From: Dean Erwin Chemerinsky
To: Berkeley Law community
Date: Monday, April 6, 2020
Dear Law School Community,
We now know that we will not be able to resume live classes and events this semester. In light of this, we face the questions of what now and what’s to come. It is so clear to me that throughout this crisis we are continuing and even enhancing what makes Berkeley Law special: our excellence in teaching and scholarship, our public mission, and our warm, supportive community.
Our top priority is to ensure the continued high quality of our education program. I continue to be in awe of how well our faculty and students have adapted to classes being held over Zoom. Distance learning never can replicate being together in class, but our faculty and students are showing every day that it can provide excellent education.
One of the most impressive aspects of Berkeley Law is its robust calendar of events. I am delighted that these are continuing, albeit over Zoom. Last week, the final rounds of the McBaine Honors Moot Court Competition and the Bales Trial Competition were held over Zoom. I watched both and the students were superb. Every Monday at lunch there is a presentation by a faculty member on legal issues arising from the pandemic. On Thursdays at lunch, Professor Amanda Tyler is interviewing prominent judges and scholars about how they are dealing with the emergency.
Every day at 10:00, Adam Sterling conducts his “Berkeley Boosts” interview series. Our Student Services Office has created a wonderful, extensive set of events for our students including “drop-in” hours, wellness events, and just-for-fun activities (including pet introductions on April 7 and Trivia Night on April 10). Check the Events Calendar for Zoom links. And I will continue to hold Zoom meetings twice a week, for all in our community who want to join, to provide the latest updates and answer any questions.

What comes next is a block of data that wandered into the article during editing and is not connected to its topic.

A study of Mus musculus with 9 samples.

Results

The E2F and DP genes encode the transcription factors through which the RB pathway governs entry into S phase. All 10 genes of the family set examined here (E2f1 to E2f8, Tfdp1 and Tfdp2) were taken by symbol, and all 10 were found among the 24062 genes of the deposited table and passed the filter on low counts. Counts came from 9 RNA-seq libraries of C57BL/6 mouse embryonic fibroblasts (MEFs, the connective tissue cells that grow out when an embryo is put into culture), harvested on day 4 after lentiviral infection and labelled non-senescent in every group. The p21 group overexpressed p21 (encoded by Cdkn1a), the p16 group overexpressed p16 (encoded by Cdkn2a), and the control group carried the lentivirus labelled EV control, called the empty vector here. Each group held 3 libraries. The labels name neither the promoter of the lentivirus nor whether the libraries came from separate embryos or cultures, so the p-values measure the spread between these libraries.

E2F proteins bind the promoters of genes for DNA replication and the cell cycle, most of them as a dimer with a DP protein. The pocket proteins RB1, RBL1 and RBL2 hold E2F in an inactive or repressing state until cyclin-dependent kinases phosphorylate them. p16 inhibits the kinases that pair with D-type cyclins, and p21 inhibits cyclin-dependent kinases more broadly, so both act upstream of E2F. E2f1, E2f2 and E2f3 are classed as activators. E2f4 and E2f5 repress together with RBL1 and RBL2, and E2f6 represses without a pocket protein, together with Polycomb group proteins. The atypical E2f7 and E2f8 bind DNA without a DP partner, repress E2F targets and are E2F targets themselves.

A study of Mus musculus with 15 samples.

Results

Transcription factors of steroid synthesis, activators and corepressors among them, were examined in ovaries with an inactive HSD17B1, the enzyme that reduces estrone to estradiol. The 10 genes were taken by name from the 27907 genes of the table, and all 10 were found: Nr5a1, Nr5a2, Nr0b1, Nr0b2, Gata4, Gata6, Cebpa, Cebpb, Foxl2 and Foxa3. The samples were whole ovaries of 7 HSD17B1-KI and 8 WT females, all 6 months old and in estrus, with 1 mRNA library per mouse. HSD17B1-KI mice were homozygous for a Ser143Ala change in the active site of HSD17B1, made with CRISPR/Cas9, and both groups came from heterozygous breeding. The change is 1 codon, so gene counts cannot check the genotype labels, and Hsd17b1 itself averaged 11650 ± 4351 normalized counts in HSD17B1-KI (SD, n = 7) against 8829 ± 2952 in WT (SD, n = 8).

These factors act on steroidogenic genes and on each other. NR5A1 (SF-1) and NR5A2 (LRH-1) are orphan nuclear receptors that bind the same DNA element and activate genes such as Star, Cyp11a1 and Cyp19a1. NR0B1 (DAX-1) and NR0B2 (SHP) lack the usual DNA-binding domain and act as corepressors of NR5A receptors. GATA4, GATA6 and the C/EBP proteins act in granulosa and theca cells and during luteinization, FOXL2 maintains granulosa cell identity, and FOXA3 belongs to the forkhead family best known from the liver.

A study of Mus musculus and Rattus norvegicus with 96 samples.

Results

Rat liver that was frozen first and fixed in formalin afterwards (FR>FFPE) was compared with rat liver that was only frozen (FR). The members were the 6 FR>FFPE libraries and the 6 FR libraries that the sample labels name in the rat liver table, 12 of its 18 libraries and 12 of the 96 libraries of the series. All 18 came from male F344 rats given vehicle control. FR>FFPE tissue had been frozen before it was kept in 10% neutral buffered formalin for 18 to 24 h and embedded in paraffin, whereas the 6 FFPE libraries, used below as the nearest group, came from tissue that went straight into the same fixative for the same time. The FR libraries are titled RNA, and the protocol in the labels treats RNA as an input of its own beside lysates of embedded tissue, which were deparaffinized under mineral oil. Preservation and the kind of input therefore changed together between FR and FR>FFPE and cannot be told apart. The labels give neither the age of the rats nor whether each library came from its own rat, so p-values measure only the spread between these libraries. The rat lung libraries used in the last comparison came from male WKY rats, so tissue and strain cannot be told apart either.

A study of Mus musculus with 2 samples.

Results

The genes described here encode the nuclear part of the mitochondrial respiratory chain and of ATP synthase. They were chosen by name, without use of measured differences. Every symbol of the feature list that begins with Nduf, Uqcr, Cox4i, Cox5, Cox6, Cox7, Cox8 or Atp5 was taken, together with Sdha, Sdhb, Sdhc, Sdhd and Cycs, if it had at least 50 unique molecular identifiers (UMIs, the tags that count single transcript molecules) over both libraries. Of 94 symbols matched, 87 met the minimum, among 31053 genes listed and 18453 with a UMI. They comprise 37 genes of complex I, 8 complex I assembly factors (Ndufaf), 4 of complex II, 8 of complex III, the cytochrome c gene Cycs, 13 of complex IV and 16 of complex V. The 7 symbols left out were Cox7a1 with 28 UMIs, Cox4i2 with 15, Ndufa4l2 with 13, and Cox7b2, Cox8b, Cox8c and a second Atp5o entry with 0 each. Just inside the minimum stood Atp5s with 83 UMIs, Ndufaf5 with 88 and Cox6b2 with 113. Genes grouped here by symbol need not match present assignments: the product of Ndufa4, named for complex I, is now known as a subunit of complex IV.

A defining characteristic of Berkeley Law is its public mission. Many of our faculty and students have undertaken impressive and important pro bono projects to deal with legal issues arising from the coronavirus pandemic. Also, Deborah Schlosberg and our pro bono office continue to have a webpage listing pro bono opportunities for our faculty and staff.
We also must help those in our community who are suffering great hardship. Last week, we created a Student Emergency Fund. Applications for funds are available, a committee is processing them, and disbursements have been made. The fund began with $75,000 provided by the Law School and $25,000 provided by AccessLex. Also, I am grateful to those who wish to donate to this fund. We continue to work on an emergency fund for staff, which has proven more daunting because of personnel rules than I had hoped. I hope to have more news on that soon.
At the same time, we must plan for the future. My hope and my expectation is that we will be back together in our building in August to welcome our new students and resume classes and events. We are planning for that. But I also want us to be ready for all possibilities. I therefore have created a small contingency planning committee to prepare for various possibilities for the fall.
I hope we can take comfort from our community and I want us to do all we can to help and support one another. I know it is cliché, but we really are all in this together and I speak for the entire administrative team when I say that we want to do everything we can to be of assistance. This, too, shall pass and I think we will emerge from it even more united and stronger as a community. As always, please don’t hesitate to let me know if there are things you think the Law School should be doing or if I can be of assistance in any way.